This article first appeared in my Newsletter in the October 2013 issue. You can sign up for my newsletter by clicking here.
Onboarding is ubiquitous. Every organization does it. Some do it with great fanfare. Some make a substantial investment. Some just let supervisors get their new hires up to speed. Unfortunately, most organizations make critical mistakes in onboarding—mistakes that increase turnover, raise costs, weaken employee loyalty, and lower productivity.
Fortunately, recent research highlights onboarding best practices. If organizations would just use the wisdom from the research, they’d save themselves money, time, and resources—and employees in those companies would have to deal with many fewer headaches.
Recent reviews of the research suggest that there four key outcomes that enable onboarding success:
- New hires have to quickly and effectively learn their new job role.
- New hires have to feel a sense of self-efficacy in doing their job.
- New hires have to learn the organizational culture.
- New hires have to gain acceptance and feel accepted by their coworkers.
Recent research suggests that the following factors are helpful in ensuring onboarding success:
What New Hires Can Do
- Be proactive in learning and networking
- Be open to new ways of thinking and acting
- Be active in seeking information and getting feedback
- Be active in building relationships
What the Organization Can Do
- Ensure that managers take a very active and effective role
- Provide formal orientations that go beyond information dissemination
- Provide realistic previews of the organization and the job
- Proactively enable new hires to connect with long-tenured employees
Five Biggest Mistakes
(In Reverse Order of Importance)
5—Providing an Information Dump during Orientation
The research shows that employee orientations can facilitate onboarding. However, too many organizations think their orientations should just cram tons of information down the throats of employees. Even worse are orientations that have employees sit and listen to presentation after presentation. Oh the horror. New employees are excited to get going. Putting them into the prison of listening—even to great content—is a rudeness that shouldn’t be tolerated. The best orientations help build relationships. They get employees involved. They prepare new hires for how to learn and grow and network on their own. They help new hires learn the organization culture—both the good and the bad. They share the organization’s vision, passions, and its strategic concerns.
4—Thinking that Training is Sufficient
Training can be essential to help get new employees competent in their new roles, but it is NEVER sufficient on its own. Training should be supported by prompting mechanisms (like job aids), structures and support for learning on the job, reinforcement and follow-through, and coaching to provide feedback, set goals, and lend emotional support.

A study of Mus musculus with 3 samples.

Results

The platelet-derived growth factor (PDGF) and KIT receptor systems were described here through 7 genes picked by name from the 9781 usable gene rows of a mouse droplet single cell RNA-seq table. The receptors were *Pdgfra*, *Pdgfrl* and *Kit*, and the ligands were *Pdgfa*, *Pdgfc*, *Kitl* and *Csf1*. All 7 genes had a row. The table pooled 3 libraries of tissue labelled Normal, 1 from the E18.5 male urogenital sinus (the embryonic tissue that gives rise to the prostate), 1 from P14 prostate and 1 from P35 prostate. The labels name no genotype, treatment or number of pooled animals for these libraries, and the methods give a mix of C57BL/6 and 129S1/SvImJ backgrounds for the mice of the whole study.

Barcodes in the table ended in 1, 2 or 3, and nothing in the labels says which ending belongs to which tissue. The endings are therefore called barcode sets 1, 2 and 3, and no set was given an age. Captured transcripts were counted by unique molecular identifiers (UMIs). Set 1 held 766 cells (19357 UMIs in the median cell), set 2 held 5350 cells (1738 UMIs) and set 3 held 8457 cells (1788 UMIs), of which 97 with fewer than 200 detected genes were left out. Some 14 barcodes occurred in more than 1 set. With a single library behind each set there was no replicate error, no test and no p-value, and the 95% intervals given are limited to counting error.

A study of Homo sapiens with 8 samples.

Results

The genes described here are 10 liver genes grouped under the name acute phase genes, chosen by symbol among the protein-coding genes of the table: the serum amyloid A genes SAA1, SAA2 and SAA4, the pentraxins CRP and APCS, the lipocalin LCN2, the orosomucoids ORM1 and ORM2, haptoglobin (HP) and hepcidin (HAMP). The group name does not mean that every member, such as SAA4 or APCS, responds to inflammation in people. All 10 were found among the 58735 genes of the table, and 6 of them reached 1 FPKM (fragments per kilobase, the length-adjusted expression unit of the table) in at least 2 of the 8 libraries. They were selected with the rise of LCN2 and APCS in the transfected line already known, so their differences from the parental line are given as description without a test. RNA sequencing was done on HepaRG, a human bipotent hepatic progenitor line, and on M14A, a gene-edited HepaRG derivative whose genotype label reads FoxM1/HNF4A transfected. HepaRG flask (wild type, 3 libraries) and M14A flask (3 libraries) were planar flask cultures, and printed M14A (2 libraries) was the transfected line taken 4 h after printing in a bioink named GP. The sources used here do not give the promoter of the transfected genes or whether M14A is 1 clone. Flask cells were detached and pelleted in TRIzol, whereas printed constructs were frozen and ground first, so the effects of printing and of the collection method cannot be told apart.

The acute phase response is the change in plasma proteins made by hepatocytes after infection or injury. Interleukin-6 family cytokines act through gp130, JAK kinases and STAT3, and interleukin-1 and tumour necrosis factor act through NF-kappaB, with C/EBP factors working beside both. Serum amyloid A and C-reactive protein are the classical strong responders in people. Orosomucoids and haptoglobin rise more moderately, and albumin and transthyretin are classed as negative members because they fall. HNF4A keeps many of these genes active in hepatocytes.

3—Forgetting the Human Side of Onboarding
New hires are human beings, and, just like the rest of us, they too are influenced by the dynamics of social interaction. They don’t just learn to do a job. They also learn to love and trust a company, a work unit, or a group of coworkers—or they don’t. In return, new hires are either trusted and respected by their coworkers or they’re not. The research is very clear about this. One of the keys to successful onboarding is the strength of the relationships that are built in the first year of a person’s tenure. The stronger the bonds, the more likely it is that a person will stay and bring value to the organization.
2—Considering Onboarding as Something that Can Be Done Quickly
Some companies offer a one week orientation and then cut loose their new hires to sink or swim. Enlightened companies, on the other hand, realize that onboarding is like relationship-building—it takes time. It takes time to really learn one’s job well. It takes time to integrate into the organizational culture. It takes time to connect with people. Realistic estimates suggest that onboarding can take 6 months, 12 months, or even 18 months to fully integrate a person into a new organization.
1—Not Preparing Supervisors
Supervisors are the single most important leverage point for onboarding success. You’ve probably heard it said that people don’t quit their companies, they quit their supervisors. Well, the flip side can also be said. People don’t join a company, they join a supervisor and his/her workgroup. Unfortunately, most supervisors just have no idea about the importance of onboarding and how to do it correctly. Where best practices give supervisors training and an onboarding checklist, too many supervisors just wing it. The real tragedy is that the investment in onboarding training and a checklist for supervisors is quite small in the greater scheme of things.
Final Thoughts on Onboarding
As a workplace learning-and-performance consultant, when I’ve been called in to advise companies on their onboarding programs, I often see incredibly dedicated professionals who are passionate about welcoming new people into their organizations. Unfortunately, too many times, I see organizations that have the wrong mental models about what makes onboarding successful. It’s a shame that our old mental models keep us from effectiveness—when the research on onboarding now gives us sound prescriptions for making onboarding successful.